Bill Gates On Google's Company That Will Try To Cure Death: 'What's Most Notable Is That You're Paying Attention To It'

Bill GatesAPBill Gates

Bill Gates is in New York to speak at the U.N. about the
Millennium Development Goals(MDG), which is a set of objectives to improve education, health, and living conditions in poorer nations.

Ahead of his talk, he sat down with five reporters, including myself, at the Four Seasons hotel to chat about his foundation, the MDGs, and progress towards making life better for people around the world.

With his focus on global health, as well as his tangled relationship with Google, I wanted to get his take on Calico, Google’s new company that’s going to try to cure death.

Basically, he shrugged. He says lots of startups are focused on the same thing.

Here is the tiny Q&A on the subject:

Business Insider: Your work is focused on poorer nations, but I wanted to get your take on Google’s new health and ageing company, Calico. Do you think Google should be focused on developing nations instead of trying to solve a problem that is largely aimed at rich nations?

Bill Gates: How much money did they put toward it?

BI: I don’t think they even announced that.

BG: What’s most notable is that you’re paying attention. Google’s invested in dozens of things of various types. At some point we’ll see how much money, or what it is. Art Levinson, who’s being connected with this is an amazing guy.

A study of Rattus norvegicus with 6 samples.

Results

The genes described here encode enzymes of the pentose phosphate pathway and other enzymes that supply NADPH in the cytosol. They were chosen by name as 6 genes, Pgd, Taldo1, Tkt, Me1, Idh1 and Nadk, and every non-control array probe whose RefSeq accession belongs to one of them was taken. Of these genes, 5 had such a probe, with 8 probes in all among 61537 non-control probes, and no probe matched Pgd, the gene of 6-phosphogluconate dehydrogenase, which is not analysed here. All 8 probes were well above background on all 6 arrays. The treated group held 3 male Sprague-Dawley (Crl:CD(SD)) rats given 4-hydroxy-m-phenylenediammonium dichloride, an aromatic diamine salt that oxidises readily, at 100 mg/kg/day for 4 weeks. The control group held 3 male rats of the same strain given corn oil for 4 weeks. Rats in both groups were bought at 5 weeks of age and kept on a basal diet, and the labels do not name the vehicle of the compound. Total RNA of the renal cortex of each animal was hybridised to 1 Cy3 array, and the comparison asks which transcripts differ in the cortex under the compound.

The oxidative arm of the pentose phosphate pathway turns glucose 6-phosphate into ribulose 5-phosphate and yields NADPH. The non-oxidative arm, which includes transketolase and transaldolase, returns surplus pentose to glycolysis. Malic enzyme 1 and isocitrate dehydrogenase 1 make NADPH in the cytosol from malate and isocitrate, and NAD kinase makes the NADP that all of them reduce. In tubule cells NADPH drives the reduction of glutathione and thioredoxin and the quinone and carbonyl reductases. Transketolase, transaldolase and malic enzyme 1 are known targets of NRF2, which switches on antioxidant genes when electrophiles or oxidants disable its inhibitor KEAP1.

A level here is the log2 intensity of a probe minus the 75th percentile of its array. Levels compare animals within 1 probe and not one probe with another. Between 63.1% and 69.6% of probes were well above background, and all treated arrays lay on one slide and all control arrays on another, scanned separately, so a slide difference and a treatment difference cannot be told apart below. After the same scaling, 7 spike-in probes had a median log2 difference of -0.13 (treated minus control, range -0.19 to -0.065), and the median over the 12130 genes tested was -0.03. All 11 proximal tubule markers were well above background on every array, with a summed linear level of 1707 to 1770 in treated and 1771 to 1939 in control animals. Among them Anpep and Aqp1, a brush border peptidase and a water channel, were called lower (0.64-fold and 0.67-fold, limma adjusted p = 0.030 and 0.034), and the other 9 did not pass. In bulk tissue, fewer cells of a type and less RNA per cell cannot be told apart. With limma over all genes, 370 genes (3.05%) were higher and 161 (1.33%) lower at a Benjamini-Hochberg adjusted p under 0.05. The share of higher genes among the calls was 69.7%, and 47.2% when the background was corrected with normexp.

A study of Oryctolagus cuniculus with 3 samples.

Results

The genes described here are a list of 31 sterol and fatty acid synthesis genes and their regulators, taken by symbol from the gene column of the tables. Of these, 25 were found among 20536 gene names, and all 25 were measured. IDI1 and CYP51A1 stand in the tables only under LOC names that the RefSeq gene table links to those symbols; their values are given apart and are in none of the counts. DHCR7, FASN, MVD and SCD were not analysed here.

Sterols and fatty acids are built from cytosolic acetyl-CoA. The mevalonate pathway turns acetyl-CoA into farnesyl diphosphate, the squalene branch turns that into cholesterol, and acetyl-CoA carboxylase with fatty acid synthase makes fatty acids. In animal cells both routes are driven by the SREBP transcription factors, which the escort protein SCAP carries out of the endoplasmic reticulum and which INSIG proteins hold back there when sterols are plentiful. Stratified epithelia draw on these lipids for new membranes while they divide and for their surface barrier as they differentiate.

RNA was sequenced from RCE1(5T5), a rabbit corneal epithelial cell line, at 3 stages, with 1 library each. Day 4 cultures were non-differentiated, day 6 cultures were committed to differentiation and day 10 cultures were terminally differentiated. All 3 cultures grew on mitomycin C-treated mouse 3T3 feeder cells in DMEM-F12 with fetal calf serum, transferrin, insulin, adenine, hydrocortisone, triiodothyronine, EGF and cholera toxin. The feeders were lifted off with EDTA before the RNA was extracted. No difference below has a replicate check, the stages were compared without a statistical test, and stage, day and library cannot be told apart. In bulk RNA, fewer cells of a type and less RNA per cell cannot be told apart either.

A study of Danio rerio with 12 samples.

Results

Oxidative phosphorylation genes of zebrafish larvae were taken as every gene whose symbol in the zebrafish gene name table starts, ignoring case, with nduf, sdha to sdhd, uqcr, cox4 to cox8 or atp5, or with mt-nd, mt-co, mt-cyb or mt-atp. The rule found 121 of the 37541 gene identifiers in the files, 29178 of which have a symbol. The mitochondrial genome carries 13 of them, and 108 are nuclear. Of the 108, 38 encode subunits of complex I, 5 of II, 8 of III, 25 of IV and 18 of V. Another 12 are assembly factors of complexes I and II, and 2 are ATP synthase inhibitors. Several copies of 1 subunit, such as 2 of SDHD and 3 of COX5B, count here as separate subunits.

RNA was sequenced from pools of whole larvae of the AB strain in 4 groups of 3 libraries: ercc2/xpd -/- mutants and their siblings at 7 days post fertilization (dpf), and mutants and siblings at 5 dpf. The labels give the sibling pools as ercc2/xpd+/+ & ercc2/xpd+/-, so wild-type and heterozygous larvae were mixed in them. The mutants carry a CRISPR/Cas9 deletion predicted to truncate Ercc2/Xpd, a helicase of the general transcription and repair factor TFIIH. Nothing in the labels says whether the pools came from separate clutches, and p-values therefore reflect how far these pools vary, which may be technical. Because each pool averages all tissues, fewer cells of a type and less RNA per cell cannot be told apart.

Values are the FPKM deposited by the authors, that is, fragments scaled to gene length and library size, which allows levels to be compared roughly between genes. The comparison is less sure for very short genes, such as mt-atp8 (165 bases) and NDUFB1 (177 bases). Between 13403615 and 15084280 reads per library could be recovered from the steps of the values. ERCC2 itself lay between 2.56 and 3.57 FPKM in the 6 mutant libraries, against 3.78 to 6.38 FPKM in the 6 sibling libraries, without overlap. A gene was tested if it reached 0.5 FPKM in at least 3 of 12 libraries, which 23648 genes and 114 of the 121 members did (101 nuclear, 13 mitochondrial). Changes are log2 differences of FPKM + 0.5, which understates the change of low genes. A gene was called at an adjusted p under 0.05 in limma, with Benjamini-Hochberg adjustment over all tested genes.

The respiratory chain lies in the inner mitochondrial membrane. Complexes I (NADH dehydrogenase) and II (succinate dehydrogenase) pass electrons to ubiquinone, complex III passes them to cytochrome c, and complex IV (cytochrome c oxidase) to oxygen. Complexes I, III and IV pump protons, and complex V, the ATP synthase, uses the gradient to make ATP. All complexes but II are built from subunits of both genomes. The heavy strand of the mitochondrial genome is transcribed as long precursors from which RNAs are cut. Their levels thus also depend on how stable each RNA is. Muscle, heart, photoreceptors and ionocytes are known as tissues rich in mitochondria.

Now, ex-pharma, guys who do a good job running pharma companies and then back biotech startups, it’s a mixed record, but the number of biotechs that work on ageing is large — and they actually have funding, and people and drugs and things like that.

So this one, it doesn’t relate to global health. I’m not saying everyone should just drop everything and just do global health.

BI: Sure.

BG: It’s fine, I know only about it what I read in the press, but it doesn’t connect to anything else. They’re not out of money, they still have more money they could give to help poor people.

BI: You want them to do that? I assume you want everyone to give more to poor people.

BG: Sure, but that doesn’t mean to criticise someone that’s investing in Alzheimer’s, or cancer. Those diseases are huge global problems. It’s just that we have a market mechanism that works. So that our very finite foundation money will have an incremental impact on say, some cancer, when the NCI spends $US6 billion a year. That’s way bigger than we are.

Pharma spends on cancer drugs about $US20 billion a year. I’m very very glad that stuff happens. That’s why we can take the infectious disease which is strangely neglected because the people that get that stuff that don’t have much money.